Published online by Cambridge University Press:  02 January 2018

Hannah S. R. Hughes
Affiliation:
School of Earth and Ocean Sciences, Cardiff University, Main Building, Cardiff CF10 3AT, UK
Iain McDonald
Affiliation:
School of Earth and Ocean Sciences, Cardiff University, Main Building, Cardiff CF10 3AT, UK
John W. Faithfull
Affiliation:
Hunterian Museum and Art Gallery, University of Glasgow, Glasgow G12 8QQ, UK
Brian G. J. Upton
Affiliation:
School of Geosciences, University of Edinburgh, Edinburgh EH9 3JW, UK
Hilary Downes
Affiliation:
Department of Earth and Planetary Sciences, Birkbeck University of London, Malet Street, LondonWC1E 7HX, UK
Corresponding
E-mail address:

Bulk rock geochemistry and major- and trace-element compositions of clinopyroxene have been determined for three suites of peridotitic mantle xenoliths from the North Atlantic Craton (NAC) in northern Scotland, to establish the magmatic and metasomatic history of subcontinental lithospheric mantle (SCLM) below this region. Spinel lherzolites from the southernmost locality (Streap Com'laidh) have non-NAC mantle compositions, while the two northern xenolith suites (Loch Roag and Rinibar) are derived from the thinned NAC marginal keel. Clinopyroxene compositions have characteristic trace-element signatures which show both 'primary' and 'metasomatic' origins. We use Zr and Hf abundances to identify ancient cryptic refertilization in 'primary' clinopyroxenes. We suggest that Loch Roag and Rinibar peridotite xenoliths represent an ancient Archaean-Palaeoproterozoic SCLM with original depleted cratonic signatures which were overprinted by metasomatism around the time of intrusion of the Scourie Dyke Swarm (∼2.4 Ga). This SCLM keel was preserved during Caledonian orogenesis, although some addition of material and/or metasomatism probably also occurred, as recorded by Rinibar xenoliths. Rinibar and Streap xenoliths were entrained in Permo-Carboniferous magmas and thus were isolated from the SCLM ∼200 Ma before Loch Roag xenoliths (in an Eocene dyke). Crucially, despite their geographical location, lithospheric mantle peridotite samples from Loch Roag show no evidence of recent melting or refertilization during the Palaeogene opening of the Atlantic.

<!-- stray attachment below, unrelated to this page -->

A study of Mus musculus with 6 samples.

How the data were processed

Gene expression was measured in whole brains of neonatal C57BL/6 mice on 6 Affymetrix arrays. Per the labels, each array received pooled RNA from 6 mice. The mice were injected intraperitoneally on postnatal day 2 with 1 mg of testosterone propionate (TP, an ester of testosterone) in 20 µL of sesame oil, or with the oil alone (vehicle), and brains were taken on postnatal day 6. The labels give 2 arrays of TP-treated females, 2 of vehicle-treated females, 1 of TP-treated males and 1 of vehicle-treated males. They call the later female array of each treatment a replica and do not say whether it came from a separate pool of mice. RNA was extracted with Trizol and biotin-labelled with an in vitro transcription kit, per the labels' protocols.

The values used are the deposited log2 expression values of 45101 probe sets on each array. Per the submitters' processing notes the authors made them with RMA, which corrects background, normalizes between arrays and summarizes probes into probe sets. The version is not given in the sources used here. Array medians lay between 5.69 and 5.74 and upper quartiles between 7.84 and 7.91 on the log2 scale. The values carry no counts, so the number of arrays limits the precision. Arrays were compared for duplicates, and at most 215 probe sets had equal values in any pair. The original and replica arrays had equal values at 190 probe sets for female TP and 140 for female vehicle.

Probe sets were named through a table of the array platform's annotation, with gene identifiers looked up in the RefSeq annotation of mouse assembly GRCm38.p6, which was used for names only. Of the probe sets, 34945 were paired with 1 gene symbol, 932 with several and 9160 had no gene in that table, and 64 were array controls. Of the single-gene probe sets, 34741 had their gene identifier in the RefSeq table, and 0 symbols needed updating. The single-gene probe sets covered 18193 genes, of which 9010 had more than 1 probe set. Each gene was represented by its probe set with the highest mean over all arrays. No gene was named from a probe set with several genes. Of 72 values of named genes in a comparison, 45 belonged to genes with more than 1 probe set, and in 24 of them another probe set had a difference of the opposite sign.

Type
Research Article
Creative Commons
Copyright © The Mineralogical Society of Great Britain and Ireland 2015 This is an Open Access article, distributed under the terms of the Creative Commons Attribution license. (http://creativecommons.org/licenses/by/4.0/), which permits unrestricted re-use, distribution, and reproduction in any medium, provided the original work is properly cited.
Copyright
Copyright © The Mineralogical Society of Great Britain and Ireland 2015

Footnotes

Present address: School of Geosciences, University of the Witwatersrand, Private Bag 3, Wits 2050, Johannesburg, South Africa

This paper is published as part of a special set in Mineralogical Magazine, Volume 79(4), 2015, arising out of the March 2014 NAC Conference on the North Atlantic Craton.